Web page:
Python Pandas and Football

Simple example of pandas in action

Football crowds get excited when their team is on the attack only to have it break down and be awarded a corner. Sure you are still in possession, but statistically you are very unlikely to score. Something like a 3% chance. How many goals are scored with a Messi style free quick? And how long to we have to wait whilst the Ref footers about with shaving foam only to see the ball disappear into Row Z.

Football data is hard to get. Most data is proprietary and has to be paid for. Alan Morrison on (celticbynumbers.ipage.com) collects all his own data on Celtic by going through each match. I presume he has his own videos. His work is excellent and I thoroughly recommend checking out his site. The site (Modern fitba) have the benefit of ORTEC data. Again, well worth a visit.

I found a site: (http://football-data.co.uk) which collects data and gives it for free as a CSV or excel formats. They have an excel file which can be downloaded to analyse their data (for betting purposes) but what’s the fun in that? This is a python article so let’s use Pandas! Click on any links surrounded in () for further information and instruction!

Snippet of data from football-data.co.uk

The aim of this little article is to pick a team from the main SCO file, extract all the Home and Away games of said team, and write this data to a new excel file. Click on links that are enclosed in () for more explanation.

Pandas creates a Data Frame from the excel file which mirrors the Row and Column structure of an excel file. Our first step is to import the pandas modules. I switch between the spyder IDE supplied with (anaconda) and the (VSCode) IDE from Microsoft on a whim as both have different features I like and dislike! I recommend installing anaconda first as it gives access to hundreds of Python packages and modules and then VSCode setup in the Conda environment..

Import the modules we will need

I have imported os for later use. Pandas is imported as pd to save time typing and to write an excel file, we import (ExcelWriter )from pandas. the first thing to do is to create a variable (df) which is a data Frame of the excel file. I should say spreadsheet file, since I use Libre Calc!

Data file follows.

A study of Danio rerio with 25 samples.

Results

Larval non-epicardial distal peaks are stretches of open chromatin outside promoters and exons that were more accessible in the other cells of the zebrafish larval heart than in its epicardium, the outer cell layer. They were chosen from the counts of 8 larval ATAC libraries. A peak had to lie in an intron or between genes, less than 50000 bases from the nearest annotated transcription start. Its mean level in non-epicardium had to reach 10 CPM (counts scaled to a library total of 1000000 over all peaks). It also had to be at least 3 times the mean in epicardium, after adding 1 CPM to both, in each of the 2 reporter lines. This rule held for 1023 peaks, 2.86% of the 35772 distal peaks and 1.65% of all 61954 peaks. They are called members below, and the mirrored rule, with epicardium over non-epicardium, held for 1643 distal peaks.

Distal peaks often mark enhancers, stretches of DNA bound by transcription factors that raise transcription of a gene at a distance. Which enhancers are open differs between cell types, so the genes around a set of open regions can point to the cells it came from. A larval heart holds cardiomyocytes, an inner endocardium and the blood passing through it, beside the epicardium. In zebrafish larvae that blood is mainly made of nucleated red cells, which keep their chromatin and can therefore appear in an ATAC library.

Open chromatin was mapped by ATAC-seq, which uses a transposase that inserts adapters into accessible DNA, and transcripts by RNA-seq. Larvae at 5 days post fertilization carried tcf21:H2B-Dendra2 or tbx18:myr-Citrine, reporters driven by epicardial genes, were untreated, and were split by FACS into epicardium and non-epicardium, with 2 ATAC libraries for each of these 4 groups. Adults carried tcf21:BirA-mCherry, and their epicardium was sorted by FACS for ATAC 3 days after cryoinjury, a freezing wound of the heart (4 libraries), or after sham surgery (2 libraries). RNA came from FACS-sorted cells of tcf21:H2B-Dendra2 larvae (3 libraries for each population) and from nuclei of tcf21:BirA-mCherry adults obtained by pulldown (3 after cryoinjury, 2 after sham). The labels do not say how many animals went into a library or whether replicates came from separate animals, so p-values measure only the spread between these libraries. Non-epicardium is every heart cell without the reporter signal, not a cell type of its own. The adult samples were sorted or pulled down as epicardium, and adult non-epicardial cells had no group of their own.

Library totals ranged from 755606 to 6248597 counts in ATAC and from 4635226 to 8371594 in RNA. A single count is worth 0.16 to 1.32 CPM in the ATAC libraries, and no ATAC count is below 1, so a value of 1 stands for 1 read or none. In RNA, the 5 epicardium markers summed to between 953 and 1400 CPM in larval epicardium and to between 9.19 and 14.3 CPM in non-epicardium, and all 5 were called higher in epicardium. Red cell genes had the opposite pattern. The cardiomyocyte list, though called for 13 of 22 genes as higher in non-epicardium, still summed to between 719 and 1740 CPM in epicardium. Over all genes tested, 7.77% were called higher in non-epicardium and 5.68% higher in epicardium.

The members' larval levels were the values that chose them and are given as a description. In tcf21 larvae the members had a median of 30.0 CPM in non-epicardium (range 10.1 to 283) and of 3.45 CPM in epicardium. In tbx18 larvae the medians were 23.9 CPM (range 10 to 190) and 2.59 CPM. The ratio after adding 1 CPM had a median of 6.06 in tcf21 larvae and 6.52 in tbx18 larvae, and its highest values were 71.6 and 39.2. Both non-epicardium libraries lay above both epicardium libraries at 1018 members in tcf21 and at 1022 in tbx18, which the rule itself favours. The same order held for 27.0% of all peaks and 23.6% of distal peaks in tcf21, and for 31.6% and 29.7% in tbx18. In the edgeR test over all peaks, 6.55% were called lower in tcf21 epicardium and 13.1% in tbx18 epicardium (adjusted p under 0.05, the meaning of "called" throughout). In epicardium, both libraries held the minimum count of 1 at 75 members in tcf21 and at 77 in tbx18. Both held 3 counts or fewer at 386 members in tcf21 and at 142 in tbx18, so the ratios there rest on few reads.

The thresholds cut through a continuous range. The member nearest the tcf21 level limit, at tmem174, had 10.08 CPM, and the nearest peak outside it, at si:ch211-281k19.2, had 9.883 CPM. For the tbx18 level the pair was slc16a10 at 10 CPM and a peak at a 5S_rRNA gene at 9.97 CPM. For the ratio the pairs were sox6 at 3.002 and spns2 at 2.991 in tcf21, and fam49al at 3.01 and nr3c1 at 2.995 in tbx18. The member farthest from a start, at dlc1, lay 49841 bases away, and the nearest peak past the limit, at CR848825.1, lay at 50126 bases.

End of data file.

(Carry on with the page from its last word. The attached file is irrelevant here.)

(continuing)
The variable, labels, is another use of pandas. It creates a variable which holds the column ‘labels’ of our DF by referencing [df.columns].

Most of the work done in this tutorial is done by python functions. they allow us to write blocks of code which can be easily re-used and are self-encapsulating. We want to get the data for just one Team from the original excel file. First of all we have to know which teams are in the file and get the name of the team we are interested in.

Functions to show the Team names and allow us to choose one
Output from the get_teams() and get_team_name() functions

The two functions are intertwined, so to speak.

get_team_name() calls get_teams() to give us a list of teams to choose from.

get_teams() loops through all the df[‘HomeTeam’] column using the (range) and len functions, and adds an entry to the (set) type variable, teams. (Lines 43-44). get_team_name() calls this function and assigns it to the temporary variable x.

We then just loop through the variable x, using a (for loop) and print the Teams to the screen.

get_team_name() uses a (while loop) that allows the users to make an arse of selecting his team before he finally gets the spelling right.

The next function is :

This is a bit messy for my liking, but the data is split into Home and Away. Therefore, our Team’s away games are structured in a different way. Away games Away Goals are actually our Team’s goals etc. However, we are selecting two sets of data based on our Team being Home or Away and merging them into one Data Frame using (pd.concat). The TeamStats variable is then simply sorted by using (pd.sort_values) by date.

The temp variables select data from the main Data Frame based on our team selection and are then concatenated into one Data Frame, TeamStats, to give the frame we need.

The function, create_excel_file(), asks the user if he actually wants to create an output file for the data. If he answers anything but (‘Y’ or ‘y’), it finishes.

If he answers (‘Y’ or ‘y’) the the input file extention, ‘.xlsx’, being 5 characters long is used by write_output_file() to remove the last 5 characters from the input_file variable and add the Team name and the extension ‘.xlsx’. output_file = input_file[:-5]+Team + ‘.xlsx’. This just removes the last 5 chars from input_file and concatenates the ‘Team’ name and file extension. The Sheet Name in the file would be the name of your team.

An output file example name would then be SCOFinalRangers.xlsx.

An example of this file would be:

You can then footer about with spreadsheet formulas to your heart’s content – or use Python for more analysis!

I mentioned that we had imported (os) at the start of our programme. This module allows many Operating Sysytem commands to be run from within python. here we can use a simple ls in Linux or DIR in DOS to give the user a reminder of what file he has in his Home Directory to choose to analyse.

This little function uses (os.listdir) to list the directory and gives the user a hint as to what files are available.

I’ve covered a few topics in this article. I hope you have enjoyed it and I am sure that the code can be much improved by user comments! Please subscribe and follow for more.

You can find the code for this on my github. Click Me!